WOW, I was really surprize what you can do with google. I use it just about every day but I did not know you can do all of these things. I found out another use that is not listed down below.

Now you can locate items in [library name] using the Web search sites you use at home and work! Thanks to our participation in the global library catalog WorldCat, our records are searchable at Yahoo! and Google.
Simply visit or and enter “Find in a Library” (as a phrase, including quote marks) plus one or more search terms. Your returned results will include links with the prefix “Find in a Library” and the name of a library-owned item that matches your search terms.
Follow the link to the WorldCat Find in a Library interface, where you’ll see information about the item — often including a cover image. Enter your ZIP postal code beneath that information to see a list of libraries that have the item. If [library name] owns it, our name will appear as a link that leads directly to our Web site and the online record for the item!
[indicate what users can do from the online record]
Want to “Find in a Library” no matter where you are on the Web? Visit to install one of several browser plug-ins. You’ll have always-there access to library searching, right from your browser’s menu bar!

Find in a Library is a way to can find a book you want to check out and what is the closest library. Type in the the book as the example I will show.

Several of us use Google through out the day for simple stuff, but we’ve never quite grasped the power of this tool. So, I am copy/pasting some tips from an article that David Pogue published in NY Times. (Pogue is a column writer for NY Times’ weekly Circuits e-magazine.) Enjoy!
• Download and install the Google toolbar. Not only does it put the Google search box into your browser full-time, but it also blocks pop-up ads and fills in forms for you. For Windows at . (Ad blocking, form-filling and Google’s search box are already built into the Apple’s Web browser, Safari.)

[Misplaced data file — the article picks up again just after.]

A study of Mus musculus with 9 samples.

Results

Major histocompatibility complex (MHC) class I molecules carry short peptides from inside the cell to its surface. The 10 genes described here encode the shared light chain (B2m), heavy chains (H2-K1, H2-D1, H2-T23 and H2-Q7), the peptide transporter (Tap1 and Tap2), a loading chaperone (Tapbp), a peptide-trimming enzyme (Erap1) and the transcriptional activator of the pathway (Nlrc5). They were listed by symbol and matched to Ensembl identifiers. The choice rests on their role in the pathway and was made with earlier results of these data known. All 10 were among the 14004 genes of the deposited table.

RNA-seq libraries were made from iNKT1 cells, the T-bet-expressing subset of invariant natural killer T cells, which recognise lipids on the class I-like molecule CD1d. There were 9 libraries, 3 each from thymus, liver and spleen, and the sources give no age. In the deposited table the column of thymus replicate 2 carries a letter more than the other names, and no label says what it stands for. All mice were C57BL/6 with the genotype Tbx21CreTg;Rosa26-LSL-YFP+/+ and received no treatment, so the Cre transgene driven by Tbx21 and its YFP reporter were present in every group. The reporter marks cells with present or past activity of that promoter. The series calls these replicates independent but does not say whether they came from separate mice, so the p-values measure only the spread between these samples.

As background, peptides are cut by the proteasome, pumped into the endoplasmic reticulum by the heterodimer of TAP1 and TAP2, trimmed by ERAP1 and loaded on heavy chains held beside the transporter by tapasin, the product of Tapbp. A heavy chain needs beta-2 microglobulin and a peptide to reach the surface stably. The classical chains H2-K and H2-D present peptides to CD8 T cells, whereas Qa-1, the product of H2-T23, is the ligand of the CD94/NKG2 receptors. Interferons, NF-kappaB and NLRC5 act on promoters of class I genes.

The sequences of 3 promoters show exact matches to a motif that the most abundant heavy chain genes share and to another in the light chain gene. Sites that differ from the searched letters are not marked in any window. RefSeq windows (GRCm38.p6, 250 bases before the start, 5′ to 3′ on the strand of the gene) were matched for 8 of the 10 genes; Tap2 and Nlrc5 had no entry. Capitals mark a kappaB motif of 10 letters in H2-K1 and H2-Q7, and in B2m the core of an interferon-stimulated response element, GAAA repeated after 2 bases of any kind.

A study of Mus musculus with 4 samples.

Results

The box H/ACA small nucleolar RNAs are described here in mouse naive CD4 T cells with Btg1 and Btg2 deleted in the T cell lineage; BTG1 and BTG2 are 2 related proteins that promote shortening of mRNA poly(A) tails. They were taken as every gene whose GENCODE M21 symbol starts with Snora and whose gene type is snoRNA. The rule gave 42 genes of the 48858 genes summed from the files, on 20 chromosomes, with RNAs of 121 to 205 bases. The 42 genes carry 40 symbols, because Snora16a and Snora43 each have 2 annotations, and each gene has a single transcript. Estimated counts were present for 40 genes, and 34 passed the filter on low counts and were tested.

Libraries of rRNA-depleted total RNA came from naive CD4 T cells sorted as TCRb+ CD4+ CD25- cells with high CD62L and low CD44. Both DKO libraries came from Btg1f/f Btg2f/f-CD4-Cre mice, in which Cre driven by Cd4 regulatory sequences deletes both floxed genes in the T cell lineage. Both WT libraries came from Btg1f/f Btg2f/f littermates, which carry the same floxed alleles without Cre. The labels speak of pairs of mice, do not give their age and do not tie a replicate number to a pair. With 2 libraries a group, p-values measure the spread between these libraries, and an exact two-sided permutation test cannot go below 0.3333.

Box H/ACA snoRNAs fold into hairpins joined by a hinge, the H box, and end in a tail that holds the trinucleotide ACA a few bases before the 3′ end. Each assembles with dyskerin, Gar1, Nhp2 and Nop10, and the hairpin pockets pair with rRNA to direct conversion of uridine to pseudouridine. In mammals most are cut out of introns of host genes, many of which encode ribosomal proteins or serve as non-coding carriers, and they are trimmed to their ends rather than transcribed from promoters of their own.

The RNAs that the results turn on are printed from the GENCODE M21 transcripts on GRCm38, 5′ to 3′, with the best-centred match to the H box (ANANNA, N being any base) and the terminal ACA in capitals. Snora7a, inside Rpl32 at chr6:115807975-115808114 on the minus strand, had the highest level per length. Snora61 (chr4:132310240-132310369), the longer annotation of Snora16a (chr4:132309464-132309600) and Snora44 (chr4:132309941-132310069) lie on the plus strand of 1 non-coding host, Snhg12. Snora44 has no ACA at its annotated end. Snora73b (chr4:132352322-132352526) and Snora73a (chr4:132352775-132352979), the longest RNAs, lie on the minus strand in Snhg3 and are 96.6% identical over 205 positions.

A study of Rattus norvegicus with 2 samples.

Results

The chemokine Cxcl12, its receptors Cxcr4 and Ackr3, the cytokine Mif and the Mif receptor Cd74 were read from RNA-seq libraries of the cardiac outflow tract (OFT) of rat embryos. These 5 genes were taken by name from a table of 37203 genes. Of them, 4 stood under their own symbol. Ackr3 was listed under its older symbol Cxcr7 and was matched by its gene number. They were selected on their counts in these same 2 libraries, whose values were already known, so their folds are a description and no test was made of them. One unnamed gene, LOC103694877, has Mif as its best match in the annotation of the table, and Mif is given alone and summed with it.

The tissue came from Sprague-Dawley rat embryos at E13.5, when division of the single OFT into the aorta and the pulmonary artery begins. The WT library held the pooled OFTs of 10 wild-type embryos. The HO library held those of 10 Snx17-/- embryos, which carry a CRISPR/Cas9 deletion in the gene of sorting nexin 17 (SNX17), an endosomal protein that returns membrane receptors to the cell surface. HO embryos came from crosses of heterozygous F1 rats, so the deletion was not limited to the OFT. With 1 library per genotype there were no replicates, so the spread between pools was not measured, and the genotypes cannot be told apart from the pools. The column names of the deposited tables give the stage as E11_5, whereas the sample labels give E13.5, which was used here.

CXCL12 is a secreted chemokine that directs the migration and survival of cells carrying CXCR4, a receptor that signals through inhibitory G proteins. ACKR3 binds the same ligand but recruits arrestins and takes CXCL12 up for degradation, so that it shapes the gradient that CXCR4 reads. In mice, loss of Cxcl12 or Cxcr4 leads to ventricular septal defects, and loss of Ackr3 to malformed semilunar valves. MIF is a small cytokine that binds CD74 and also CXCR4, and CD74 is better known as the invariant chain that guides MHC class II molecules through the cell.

• Phrase your question in the form of an answer. So instead of typing, “What is the average rainfall in the Amazon basin?”, you might get better results by typing “The average rainfall in the Amazon basin is.”
• This is an old one, but very important: Put quotes around phrases that must be searched together. If you put quotes around “electric curtains,” Google won’t waste your time finding one set of Web pages containing the word “electric” and another set containing the word “curtains.”
• Similarly, put a hyphen right before any word you want screened out. If you’re looking up dolphins, for example, you’ll have to wade through a million Miami Dolphins pages unless you search for “dolphins -Miami.”
• Google is a global White Pages and Yellow Pages. Search for “phonebook:home depot norwalk, ct,” Google instantly produces the address and phone number of the Norwalk Home Depot. This works with names (“phonebook:robert jones las vegas, NV”) as well as businesses.
Don’t put any space after “phonebook.” And in all of the following examples, don’t type the quotes I’m showing you here.
• Google is a package tracker. Type a FedEx or UPS package number (just the digits); when you click Search, Google offers a link to its tracking information.
• Google is a calculator. Type in an equation (“32+2345*3-234=”).
• Google is a units-of-measurement converter. Type “teaspoons in a gallon,” for example, or “centimeters in a foot.”
• Google is a stock ticker. Type in AAPL or MSFT, for example, to see a link to the current Apple or Microsoft stock price, graphs, financial news and so on.
• Google is an atlas. Type in an area code, like 212, to see a Mapquest map of the area.
• Google is Wal-Mart’s computer. Type in a UPC bar code number, such as “036000250015,” to see the description of the product you’ve just “scanned in.” (Thanks to the Google Blog, , for this tip and the next couple.)
• Google is an aviation buff. Type in a flight number like “United 22” for a link to a map of that flight’s progress in the air. Or type in the tail number you see on an airplane for the full registration form for that plane.
• Google is the Department of Motor Vehicles. Type in a VIN (vehicle identification number, which is etched onto a plate, usually on the door frame, of every car), like “JH4NA1157MT001832,” to find out the car’s year, make and model.
• For hours of rainy-day entertainment, visit . Here, you’ll find links to new, half-finished Google experiments-like Google Voice, in which you call (650) 623-6706, speak the words you want to search for and then open your browser to view the results. Disclaimer: It wasn’t working when I tried it. (Ditto a lot of these experiments.)
• Poke around the “Services & Tools” link on the home page and you’ll find some of the better-known lesser-known Google features, if that makes any sense.
For example, there’s Froogle (product search), News, Groups (Internet discussion boards), Google Catalogs (hundreds of scanned-in product catalogs), Images (find graphics and photos from other people’s Web sites), Blogger (publish your own online journal), Google language translation, Google Answers (pay a couple of bucks to have a professional researcher find the answers for you) and much more.